Breaking Down How to Contact Admissions Officers - Tips for Emailing, Calling, and Meeting In-person
Out of all the parts of the application process that usually cause a little bit of stress, communicating with admissions counselors doesn’t have to be one of them. Whether you’ve already established communication with an admissions counselor or you’re about to visit the college for the first time, here are some tips to keep in mind and help guide you as you work with admissions counselors and college representatives.
Background: what does an Admissions Counselor or College Representative do?
As with most things, every college is a little different with how admissions counselors work. Admissions counselors represent their college, read applications, and help with admissions decisions. For the most part, at this time of year, an admissions counselor will spend a lot of their time traveling and representing their college at various high school visits and fairs. Even while traveling, they may coordinate group tours on campus, run the student ambassador program, or help with creating some basic marketing materials. That being said, they may not be able to respond to you within 24 hours, or even 48 hours. Which brings us to our first tip:
Tip #1: Approach with patience and professionalism.
Throughout the fall, the majority of admissions counselors are in and out of the office. Between multiple high school visits a day, driving, and representing at college fairs, many admissions counselors might not be able to take a call as it comes in. If you leave a message, keep in mind that you probably won’t hear back right away. This doesn’t mean you should send 5 follow up emails asking for a phone call within the day, even if you’re feeling stressed about getting the answer sooner. Be professional and trust the process.
Extra note: The Princeton Review advises students to take this opportunity to create an email address with your name or initials in it.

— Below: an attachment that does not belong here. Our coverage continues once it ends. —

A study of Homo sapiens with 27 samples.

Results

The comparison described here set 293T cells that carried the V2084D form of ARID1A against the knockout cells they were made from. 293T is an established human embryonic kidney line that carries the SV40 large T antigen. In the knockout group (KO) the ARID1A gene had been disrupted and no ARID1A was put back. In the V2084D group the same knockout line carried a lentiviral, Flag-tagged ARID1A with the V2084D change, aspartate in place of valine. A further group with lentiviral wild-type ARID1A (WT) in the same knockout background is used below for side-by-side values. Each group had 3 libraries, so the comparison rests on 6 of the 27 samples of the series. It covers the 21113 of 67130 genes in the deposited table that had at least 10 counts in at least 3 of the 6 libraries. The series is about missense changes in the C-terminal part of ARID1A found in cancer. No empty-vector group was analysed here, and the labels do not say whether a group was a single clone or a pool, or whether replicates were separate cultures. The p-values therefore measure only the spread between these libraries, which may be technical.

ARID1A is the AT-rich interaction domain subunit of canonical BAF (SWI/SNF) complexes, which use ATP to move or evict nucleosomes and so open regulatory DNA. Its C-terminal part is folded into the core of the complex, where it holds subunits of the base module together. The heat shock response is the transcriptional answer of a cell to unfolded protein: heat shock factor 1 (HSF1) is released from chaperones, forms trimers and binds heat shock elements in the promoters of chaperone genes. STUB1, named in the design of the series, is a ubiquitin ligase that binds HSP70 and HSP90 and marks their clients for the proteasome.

Tip #2: Be brief and have a clear purpose.
Believe it or not, it’s pretty obvious when a student is just trying to get their name known. Only reach out if you have a genuine inquiry or purpose. “Focus on your questions, not on yourself. This is not the time to tell them how great you are.” according to the Princeton Review.
If you can’t find the answer to your question on the website, feel free to reach out via email. As you’re researching the college, keep a running list of your questions or thoughts that come up, so you can send everything in one message or ask all of your questions in one call. This saves you time, too!
Here are a few sample questions you could ask:
What is the student retention rate? (What’s the percentage of students who return each year, graduate after 4 years, etc)
How many students double major? Is double majoring a simple process?
When do students need to declare a major?
Tip #3: Be polite and kind.
You want to be remembered for being kind, not impatient. You’re stressed, your parents are stressed, and all you want is answers. Getting frustrated with a lost document or needing to send something sent in is not going to help you get closer to where you need to be. Be kind, be patient, and remember that your admissions counselor is only human.
Tip #4: Double check the website first.
Demonstrate that you took the initiative to check the website first. This doesn’t mean you have to scour the school’s every single page in search of the answer. It means you should at least take a few minutes to read through the admissions page and write any questions that come up based on the information you find.
Tip #5: Build your relationship with admissions BEFORE applications are submitted.
You want to reach out to admissions leading up to the application submission, not afterward. Your chance to demonstrate interest is beforehand.
Tip #6: Try for In-Person contact if possible.
Some colleges offer optional interviews as a part of their admissions process. Find out if that’s something you can be a part of. If you know you’re visiting a college, find out if there’s a way to set up an appointment to speak with an admissions counselor. You can usually call the main Admissions office, or you might be able to sign up online.
Tip #7: Only reach out after your submission if you’ve had a major change.
Pretty much the only time you should reconnect with an admissions counselor after you’ve submitted your application is if you have something to add to your application. Did you receive an academic award? Did you get promoted at your part-time job? If you have something substantial or an important achievement to add to your profile, let admissions know.
Tip #8: Remember, this isn’t high school. Parents should not be calling or emailing for you.
Even though you are not yet a college student, you’ll be treated as an adult in the college admissions process. Admissions counselors are not permitted to share application information with parents. Plus, taking responsibility to communicate with Admissions on your own and advocate for yourself demonstrates a level of maturity that admissions departments want to see in the class they bring in.